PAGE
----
Citizen Matters and politics – our charter

As some of you know, ABIDe member and urban affairs strategist Ashwin Mahesh is running for a seat in the Karnataka Legislative Council under the graduates constituency this month. He is campaigning on a Lok Satta party ticket.

We must also let you know that Mahesh is one of the directors of Oorvani Media, the firm that publishes Citizen Matters (this print and online magazine covering Bangalore) and India Together, the national e-magazine covering public affairs and development.

All over the world, it is true that politicians starting media outfits, and media, have tended to play a dubious role in politics. We know questions may linger in your mind about Citizen Matters too, and we are writing this editorial to tell you about our charter.

Citizen Matters is a newsmagazine being built and expanded on the premise that independent journalism is worth pursuing and cherishing. Such media is as worthy of pursuit as the entry of public-minded people in politics itself. All three promoter-directors – Subramaniam Vincent, Meera K and Ashwin Mahesh – are committed to this.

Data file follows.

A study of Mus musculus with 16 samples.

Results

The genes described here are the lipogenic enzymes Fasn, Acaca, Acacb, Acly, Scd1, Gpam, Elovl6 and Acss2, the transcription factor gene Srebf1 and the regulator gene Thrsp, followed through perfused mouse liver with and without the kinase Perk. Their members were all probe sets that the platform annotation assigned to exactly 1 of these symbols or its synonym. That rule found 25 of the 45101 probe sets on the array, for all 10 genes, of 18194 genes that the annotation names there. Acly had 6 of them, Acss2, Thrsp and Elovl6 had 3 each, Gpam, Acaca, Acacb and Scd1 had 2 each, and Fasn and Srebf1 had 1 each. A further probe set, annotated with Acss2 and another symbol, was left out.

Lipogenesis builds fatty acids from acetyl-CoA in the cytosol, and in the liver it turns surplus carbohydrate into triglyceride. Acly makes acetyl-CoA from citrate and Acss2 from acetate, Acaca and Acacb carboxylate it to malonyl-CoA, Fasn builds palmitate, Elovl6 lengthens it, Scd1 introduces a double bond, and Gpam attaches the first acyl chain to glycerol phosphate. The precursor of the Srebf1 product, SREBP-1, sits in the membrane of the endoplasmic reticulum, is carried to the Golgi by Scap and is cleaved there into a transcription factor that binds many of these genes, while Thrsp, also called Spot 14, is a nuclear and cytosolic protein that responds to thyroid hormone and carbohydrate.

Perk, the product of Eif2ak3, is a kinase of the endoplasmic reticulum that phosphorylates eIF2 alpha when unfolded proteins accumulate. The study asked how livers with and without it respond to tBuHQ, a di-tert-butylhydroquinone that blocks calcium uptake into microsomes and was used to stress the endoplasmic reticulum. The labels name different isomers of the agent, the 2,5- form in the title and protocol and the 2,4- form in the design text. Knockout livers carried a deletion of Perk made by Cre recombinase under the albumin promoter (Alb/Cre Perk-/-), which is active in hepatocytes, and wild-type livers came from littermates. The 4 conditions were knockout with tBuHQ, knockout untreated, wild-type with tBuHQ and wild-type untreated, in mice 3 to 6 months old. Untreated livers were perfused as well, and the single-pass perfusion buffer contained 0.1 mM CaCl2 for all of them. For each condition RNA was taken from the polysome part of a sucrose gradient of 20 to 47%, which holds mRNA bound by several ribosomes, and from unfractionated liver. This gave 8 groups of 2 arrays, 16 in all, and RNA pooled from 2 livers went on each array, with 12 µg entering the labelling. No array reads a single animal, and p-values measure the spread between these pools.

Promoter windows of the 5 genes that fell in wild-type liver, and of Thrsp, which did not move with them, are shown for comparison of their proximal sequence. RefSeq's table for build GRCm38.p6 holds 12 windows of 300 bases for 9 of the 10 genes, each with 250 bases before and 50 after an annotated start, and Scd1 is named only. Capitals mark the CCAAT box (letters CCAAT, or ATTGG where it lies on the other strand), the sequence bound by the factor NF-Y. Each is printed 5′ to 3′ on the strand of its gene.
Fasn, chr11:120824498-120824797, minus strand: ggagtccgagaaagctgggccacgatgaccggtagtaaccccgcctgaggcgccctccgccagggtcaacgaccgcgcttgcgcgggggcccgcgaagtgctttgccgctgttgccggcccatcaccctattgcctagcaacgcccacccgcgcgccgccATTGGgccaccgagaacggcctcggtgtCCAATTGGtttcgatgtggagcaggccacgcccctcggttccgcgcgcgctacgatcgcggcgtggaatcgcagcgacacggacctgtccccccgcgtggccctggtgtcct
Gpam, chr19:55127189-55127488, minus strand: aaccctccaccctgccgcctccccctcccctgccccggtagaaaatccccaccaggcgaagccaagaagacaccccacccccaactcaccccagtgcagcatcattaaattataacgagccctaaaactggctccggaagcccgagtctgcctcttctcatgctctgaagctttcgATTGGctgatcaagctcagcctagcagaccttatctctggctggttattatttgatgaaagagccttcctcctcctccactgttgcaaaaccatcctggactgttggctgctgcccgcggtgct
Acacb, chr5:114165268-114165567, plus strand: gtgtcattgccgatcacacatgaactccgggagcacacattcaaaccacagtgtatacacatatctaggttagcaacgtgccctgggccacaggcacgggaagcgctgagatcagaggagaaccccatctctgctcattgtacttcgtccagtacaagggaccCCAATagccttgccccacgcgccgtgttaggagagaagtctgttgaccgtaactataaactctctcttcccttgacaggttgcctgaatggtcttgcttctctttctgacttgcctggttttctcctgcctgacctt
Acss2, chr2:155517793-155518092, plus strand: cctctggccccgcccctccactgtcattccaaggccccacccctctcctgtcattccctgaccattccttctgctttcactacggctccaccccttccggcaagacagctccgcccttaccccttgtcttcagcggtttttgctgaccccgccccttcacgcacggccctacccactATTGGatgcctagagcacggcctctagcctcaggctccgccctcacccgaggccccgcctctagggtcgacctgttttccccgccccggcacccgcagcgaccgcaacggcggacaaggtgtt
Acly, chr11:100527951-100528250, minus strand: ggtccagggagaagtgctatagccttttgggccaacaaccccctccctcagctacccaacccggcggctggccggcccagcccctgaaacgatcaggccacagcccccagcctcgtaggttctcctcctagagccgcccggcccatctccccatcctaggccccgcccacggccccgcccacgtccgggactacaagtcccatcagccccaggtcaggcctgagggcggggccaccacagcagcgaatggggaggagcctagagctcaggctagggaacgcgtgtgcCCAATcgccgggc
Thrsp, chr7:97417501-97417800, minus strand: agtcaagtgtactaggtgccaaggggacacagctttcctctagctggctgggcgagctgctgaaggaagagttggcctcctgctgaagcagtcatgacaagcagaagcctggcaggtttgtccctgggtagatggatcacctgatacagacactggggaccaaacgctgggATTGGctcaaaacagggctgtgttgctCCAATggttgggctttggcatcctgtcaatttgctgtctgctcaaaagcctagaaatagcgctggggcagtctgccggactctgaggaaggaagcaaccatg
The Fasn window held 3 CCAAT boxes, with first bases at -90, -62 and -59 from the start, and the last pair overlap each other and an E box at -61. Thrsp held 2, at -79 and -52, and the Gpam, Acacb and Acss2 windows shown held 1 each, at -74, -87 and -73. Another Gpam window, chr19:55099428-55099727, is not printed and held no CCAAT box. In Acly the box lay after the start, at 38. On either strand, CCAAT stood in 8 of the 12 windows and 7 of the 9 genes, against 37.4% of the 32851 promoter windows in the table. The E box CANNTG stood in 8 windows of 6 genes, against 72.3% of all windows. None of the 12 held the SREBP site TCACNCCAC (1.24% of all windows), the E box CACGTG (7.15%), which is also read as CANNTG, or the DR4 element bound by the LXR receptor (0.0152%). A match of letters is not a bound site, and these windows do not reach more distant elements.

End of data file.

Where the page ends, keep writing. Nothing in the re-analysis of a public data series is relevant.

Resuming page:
How do we practice this? There is no magic. Mahesh, for example, recuses himself from the editorial review process for any stories that he is involved in or has interests in. This is similar to a judge recusing himself or herself from a case based on conflict of interest. All our stories on the MLC race so far have been edited by a different editor and Mahesh has had no say except being quoted. As a second and necessary practice, we also do full disclosure that he is a director at the firm, in the articles themselves.

Citizen Matters has an editorial charter, and in line with this, at no time will you see us being partisan to candidates. We will, however, write editorials giving you our opinion on politics and elections. Our opinions will be separate from our reporting, as must be for all news organisations.